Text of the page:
A lot of people don’t realize this (even some of our students), but despite consistent top ranking for its fashion degree programs, the Fashion Institute of Technology is a state school that is operating on a community college budget. This fact makes me rather proud that the FIT Library has the support of administration to allocate funds for top-notch, often pricey resources in the the areas of market research, industry intelligence and trend forecasting.
That being said, however, being in-the-know about free, quality information resources is always a plus. For one thing, these are resources that can be recommended to former students who as alumni no longer have access to premium library databases. For another, it will help you make the most of your own budget. Here are some of my favorites. Feel free to add your own in the comments section.
Yahoo Finance – What if you suddenly no longer had access to Hoovers? Well, while Yahoo Finance lacks the in-depth analysis that you would be getting from the folks at Dun & Bradstreet, it does mimic the structure and therefore gets you to information on everything from company financials to industry overviews.
Business of Fashion (registration required for full access)- What if you suddenly had to drop WWD (god forbid)!? what blog would you turn to get market and retail intelligence, as well as a global view? For me, it’s BOF, with its well-written, insightful articles, data-graphics and interviews. WWD.com still covers about as much in one day as you will find in a few weeks of BOF postings, but BOF’s quality can’t be beat. A very close runner-up would be Racked.com, especially as it provides city level coverage of Chicago, Los Angeles, Miami, New York and San Francisco.
National Retail Association (free) website & Retail Insight Center (requires free registration) – Although this website is not exclusively focused on the apparel sector of the retail industry, it does provide very current insights to trends in the apparel sector, mobile shopping, consumer spending, merchandising and store operations. If you want, you can register (for free) to gain access to their “Retail Insight Center” which provides users with downloadable, customizable, interactive charts and graphs.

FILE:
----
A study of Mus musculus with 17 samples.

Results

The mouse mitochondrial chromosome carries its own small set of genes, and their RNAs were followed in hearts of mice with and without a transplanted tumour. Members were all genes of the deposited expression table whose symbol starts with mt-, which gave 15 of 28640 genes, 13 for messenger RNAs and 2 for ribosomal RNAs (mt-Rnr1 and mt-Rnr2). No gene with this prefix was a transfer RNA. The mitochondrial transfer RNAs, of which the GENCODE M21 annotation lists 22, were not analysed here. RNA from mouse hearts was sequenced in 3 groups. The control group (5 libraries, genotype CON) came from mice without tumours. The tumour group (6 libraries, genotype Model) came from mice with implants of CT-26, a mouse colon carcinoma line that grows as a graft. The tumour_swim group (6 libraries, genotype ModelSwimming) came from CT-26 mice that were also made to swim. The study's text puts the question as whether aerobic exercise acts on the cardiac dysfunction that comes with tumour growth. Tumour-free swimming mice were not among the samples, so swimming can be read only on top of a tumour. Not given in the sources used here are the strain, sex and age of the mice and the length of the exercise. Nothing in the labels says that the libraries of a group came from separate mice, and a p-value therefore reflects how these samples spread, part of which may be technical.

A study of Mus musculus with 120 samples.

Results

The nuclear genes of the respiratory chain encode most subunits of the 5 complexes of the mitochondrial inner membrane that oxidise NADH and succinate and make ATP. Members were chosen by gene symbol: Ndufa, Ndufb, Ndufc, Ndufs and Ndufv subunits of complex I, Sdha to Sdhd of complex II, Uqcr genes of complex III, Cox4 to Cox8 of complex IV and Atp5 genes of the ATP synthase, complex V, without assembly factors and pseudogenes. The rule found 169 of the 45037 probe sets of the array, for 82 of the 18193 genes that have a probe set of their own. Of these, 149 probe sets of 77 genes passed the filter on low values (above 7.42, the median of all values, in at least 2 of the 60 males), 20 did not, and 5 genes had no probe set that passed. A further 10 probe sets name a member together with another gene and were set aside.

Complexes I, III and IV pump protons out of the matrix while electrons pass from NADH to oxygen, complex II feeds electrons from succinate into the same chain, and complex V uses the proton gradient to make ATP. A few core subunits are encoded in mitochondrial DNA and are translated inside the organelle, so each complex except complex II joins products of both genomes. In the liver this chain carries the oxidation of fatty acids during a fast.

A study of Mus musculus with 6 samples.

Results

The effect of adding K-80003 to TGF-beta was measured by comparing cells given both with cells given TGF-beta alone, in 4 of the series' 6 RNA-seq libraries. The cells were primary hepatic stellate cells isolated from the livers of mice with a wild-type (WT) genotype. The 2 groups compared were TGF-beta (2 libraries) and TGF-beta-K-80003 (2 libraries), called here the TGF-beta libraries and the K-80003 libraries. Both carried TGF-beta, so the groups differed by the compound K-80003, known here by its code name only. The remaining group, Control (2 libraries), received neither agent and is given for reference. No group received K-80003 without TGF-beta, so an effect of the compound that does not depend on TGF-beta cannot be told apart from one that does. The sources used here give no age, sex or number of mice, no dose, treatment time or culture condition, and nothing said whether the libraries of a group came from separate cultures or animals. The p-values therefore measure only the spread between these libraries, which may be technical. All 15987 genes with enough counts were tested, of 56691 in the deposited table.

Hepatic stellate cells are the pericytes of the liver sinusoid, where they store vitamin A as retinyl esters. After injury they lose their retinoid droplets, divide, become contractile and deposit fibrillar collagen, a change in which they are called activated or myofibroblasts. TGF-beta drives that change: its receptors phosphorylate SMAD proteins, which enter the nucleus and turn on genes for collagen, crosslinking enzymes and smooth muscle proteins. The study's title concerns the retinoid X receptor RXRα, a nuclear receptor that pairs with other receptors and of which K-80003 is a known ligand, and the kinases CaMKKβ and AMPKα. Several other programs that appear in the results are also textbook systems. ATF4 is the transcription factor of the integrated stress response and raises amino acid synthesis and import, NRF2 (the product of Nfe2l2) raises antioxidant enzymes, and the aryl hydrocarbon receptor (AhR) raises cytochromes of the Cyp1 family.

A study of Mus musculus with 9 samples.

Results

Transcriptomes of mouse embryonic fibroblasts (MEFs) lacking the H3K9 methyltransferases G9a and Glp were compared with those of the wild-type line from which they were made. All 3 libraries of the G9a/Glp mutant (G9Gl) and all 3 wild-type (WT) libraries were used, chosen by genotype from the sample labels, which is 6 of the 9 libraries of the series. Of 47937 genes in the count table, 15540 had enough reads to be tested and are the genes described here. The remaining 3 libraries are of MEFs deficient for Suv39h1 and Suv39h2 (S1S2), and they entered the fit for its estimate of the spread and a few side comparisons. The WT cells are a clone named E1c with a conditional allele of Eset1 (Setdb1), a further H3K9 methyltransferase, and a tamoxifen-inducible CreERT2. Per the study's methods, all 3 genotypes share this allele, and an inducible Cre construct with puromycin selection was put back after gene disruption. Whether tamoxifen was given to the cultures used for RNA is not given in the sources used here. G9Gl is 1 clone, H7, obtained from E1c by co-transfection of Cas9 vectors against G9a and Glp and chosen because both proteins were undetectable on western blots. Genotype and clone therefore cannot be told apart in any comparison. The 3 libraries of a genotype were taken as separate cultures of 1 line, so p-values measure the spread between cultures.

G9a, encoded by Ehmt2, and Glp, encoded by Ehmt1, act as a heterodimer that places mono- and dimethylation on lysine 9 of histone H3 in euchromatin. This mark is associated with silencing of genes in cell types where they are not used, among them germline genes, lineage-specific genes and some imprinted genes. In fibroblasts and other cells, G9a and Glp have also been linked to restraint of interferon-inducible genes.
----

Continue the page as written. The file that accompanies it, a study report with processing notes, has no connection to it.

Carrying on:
Consumer Research (United States)
Bureau of Labor Statistics – Consumer Expenditure Survey – What if you no longer had access to your marketing and consumer demographics reports? Well at least you still have access to the mother of them all. The Bureau of Labor Statistics’ Consumer Expenditure Survey is one of the main sources of data for subscription consumer and market research products like Mintel or Demographics Now. The BLS comes out with Annual and Quarterly Reports and information can be found at a regional level, too. If you want information on a more specific category or geographic level, however, you have to download huge data sets and analyze them on your own – good luck!
Nielsen – My Best Segments –Demographics are not the only thing you should be examining when it comes to understanding your customer. Psychographics tell you about lifestyle and life-stage consumer behaviors and trends. Nielsen provides three psychographic views, known as PRIZM® P$YCLE® and ConneXions®, each with their own segmentation. A free Zip Code look up will reveal the psychographic segments of a particular area. Unfortunately, however, you are not able to perform a reverse search, making it nearly impossible to identify similar regions.
Source4Style –Source4Style is a fantastic service that enables you to discover, search and directly source fabrics for fashion and interiors. Features include virtual showroom tours, the ability to limit your search by sustainability factors, read-to-ship swatches, and a tool for creating and sourcing your own custom textile. Registration is free – swatch delivery and sourcing are not, but discounts can be arranged for student accounts.
Fibre2Fashion – Fibre2Fashion is busy site and one of the largest B2B platforms, serving a broad range of international textile-apparel interests. Registration is required to post as a buyer or seller and Basic Membership is free. Premium and Corporate Memberships give you access to articles and market intelligence reports.
Forecasting and Runway Analysis
WGSN Blogs – Like the subscription service, the WGSN blogs cover the gamut of fashion design and retail topics. Each gets updated on a daily or weekly basis with unique content (i.e. stories rarely reposted across the blogs), and concise, newsy coverage. Missing from the blogs, however, is the in-depth analysis. Also, note-worthy for visual research would be the WGSN Tumblr site.
Style.com – For runway analysis and history, I really don’t think much surpasses Style.com’s free coverage. Features include same-day runway slide shows from Fashion Weeks across the globe, runway archives going back to 2000, trend analysis reports and coverage of street fashion and cultural events.
Trend Tablet –The blog of renown author and trend forecaster, Lidewij Edelkoort, Trend Tablet is a source for rich visual and textual content on mega-trends in design direction. Links between art, technology, raw materials and consumer culture are explored and displayed with beauty and simplicity.
Sourcing Journal and PantoneView – Neither of these services are free, but both offer 30-day free trials and low-cost monthly and yearly subscriptions for individuals. For not much more than the price of a textbook, students (and alumni) can receive access to quality industry level intelligence and reports from trusted sources.
I would love to hear what free or low-cost services you turn to or recommend to your library users. Comments please!